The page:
Ten Nights of Dreams (Yume jû-ya) (2006)
Watch it now
Critic Reviews for Ten Nights of Dreams (Yume jû-ya)
There's something in these Ten Nights for the dreamer in all of us.
The filmmakers don't solve any riddles but rather pose them in richly varied ways: Ten Nights of Dreams is in the grand, exquisite tradition of the Japanese cinema of the supernatural.
A sometimes terrifying, sometimes wildly amusing and occasionally flat interpretation of Soseki's tales by a who's who of Japanese filmmakers.
Followers of the new Japanese cinema will enjoy getting an early look at new styles by emerging talents, but these are essentially student films that are not likely to be embraced by the casual moviegoer.
Audience Reviews for Ten Nights of Dreams (Yume jû-ya)
Beautiful, surreal, imaginative and funny Japanese omnibus based on novelist Soseki Natsume's book on dreams. 10 different directors (including Takeshi Shimizu!) interpret a dream with great success. They decided to make the film because the novel states that the riddle in the dreams will be solved 100 years in the future and the novel, in 2006 when the film was made, was celebrating it's 100th anniversary. Each segment is extremely creative, seemingly utilizing everything the medium of film has to offer. The dream imagery and logic in each segment is fascinating and highly entertaining. Highly recommended.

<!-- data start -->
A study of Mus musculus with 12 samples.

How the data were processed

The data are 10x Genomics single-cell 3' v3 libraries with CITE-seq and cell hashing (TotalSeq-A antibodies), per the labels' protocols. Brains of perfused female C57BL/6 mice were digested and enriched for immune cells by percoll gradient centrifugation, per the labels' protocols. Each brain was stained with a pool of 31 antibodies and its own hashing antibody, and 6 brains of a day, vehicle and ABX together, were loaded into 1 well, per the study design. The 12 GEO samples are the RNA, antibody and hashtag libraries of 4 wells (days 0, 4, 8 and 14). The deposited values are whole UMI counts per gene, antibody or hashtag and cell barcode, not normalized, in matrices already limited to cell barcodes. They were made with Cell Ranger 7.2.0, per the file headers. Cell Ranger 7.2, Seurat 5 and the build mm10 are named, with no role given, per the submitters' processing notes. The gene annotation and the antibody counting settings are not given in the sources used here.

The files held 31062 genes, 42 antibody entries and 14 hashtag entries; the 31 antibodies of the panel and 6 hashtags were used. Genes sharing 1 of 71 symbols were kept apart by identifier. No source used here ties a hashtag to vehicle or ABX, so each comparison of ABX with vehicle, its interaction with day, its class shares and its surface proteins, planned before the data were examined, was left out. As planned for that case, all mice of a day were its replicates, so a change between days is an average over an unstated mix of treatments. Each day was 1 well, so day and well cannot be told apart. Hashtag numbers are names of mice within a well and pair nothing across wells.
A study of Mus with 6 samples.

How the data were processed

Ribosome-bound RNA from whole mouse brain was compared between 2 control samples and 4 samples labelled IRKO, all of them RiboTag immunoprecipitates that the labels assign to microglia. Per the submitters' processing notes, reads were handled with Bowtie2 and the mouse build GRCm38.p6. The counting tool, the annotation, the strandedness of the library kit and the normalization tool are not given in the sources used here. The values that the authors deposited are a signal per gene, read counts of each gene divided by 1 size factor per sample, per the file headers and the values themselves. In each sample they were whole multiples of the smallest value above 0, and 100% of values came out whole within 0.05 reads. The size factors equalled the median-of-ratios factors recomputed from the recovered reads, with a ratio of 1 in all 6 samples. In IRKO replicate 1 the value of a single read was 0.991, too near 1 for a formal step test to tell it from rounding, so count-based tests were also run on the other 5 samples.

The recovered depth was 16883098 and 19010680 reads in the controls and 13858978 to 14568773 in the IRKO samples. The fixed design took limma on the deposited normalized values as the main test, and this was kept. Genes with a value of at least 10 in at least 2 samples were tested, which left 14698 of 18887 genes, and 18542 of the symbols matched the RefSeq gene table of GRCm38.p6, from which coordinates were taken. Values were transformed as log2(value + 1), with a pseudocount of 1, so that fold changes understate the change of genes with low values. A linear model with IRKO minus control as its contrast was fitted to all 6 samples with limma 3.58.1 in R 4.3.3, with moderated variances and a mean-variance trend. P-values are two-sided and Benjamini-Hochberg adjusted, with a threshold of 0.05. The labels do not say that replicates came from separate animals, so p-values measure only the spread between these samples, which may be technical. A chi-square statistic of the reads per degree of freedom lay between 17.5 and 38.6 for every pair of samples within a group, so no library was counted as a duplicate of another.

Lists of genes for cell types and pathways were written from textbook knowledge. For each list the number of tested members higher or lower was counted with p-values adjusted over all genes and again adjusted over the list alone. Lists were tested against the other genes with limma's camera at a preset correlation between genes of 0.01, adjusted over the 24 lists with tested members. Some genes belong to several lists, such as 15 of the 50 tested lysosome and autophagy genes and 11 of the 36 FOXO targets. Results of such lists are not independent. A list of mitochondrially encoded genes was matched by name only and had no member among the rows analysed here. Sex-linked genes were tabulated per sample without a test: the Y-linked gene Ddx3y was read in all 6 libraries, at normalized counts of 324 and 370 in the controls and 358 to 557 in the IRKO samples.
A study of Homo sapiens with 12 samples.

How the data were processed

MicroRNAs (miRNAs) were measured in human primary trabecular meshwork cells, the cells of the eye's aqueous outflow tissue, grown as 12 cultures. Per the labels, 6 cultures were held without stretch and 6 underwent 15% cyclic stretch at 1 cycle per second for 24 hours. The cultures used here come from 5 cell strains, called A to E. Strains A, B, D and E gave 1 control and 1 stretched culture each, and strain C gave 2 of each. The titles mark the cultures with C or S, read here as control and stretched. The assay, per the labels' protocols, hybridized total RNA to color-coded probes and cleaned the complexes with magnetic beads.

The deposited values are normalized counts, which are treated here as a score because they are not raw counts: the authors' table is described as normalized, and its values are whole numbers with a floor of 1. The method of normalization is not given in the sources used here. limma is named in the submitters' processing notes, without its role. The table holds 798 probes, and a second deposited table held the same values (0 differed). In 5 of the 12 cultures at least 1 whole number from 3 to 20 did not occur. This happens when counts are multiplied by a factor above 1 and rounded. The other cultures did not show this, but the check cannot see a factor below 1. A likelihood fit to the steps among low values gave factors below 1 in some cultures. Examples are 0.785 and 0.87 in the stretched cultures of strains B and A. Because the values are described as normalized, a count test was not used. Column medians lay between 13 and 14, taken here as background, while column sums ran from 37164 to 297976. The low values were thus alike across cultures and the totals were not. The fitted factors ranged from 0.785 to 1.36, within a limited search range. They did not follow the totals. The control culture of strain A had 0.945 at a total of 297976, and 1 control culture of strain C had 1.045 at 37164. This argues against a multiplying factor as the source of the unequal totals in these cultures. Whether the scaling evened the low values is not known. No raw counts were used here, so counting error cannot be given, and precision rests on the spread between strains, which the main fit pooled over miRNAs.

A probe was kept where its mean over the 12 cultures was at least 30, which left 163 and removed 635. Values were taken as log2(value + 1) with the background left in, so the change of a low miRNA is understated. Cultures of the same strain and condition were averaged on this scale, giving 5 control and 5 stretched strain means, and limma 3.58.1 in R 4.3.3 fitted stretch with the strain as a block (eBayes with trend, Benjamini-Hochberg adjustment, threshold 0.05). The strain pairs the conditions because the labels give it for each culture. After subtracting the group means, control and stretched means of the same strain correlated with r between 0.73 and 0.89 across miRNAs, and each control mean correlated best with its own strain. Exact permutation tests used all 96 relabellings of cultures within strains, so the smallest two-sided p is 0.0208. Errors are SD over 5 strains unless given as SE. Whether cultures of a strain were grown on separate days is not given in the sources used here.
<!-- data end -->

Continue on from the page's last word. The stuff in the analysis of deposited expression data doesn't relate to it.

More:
Omnibus films and movies about dreams are both areas that can be problematic. But the two ideas work quite well together. There honestly isn't a bad segment here. The ones by Jissoji and Nishikawa are a little bland, but only in comparison to the others. The dreams run the gamut from strange to funny to gross to scary to tender. The concept allows all the directors to flex their stylistic muscles, and the results are wildly imaginative and often quite beautiful. This was a really nice surprise.
Ten Nights of Dreams (Yume jû-ya) Quotes
There are no approved quotes yet for this movie.
Discuss Ten Nights of Dreams (Yume jû-ya) on our Movie forum!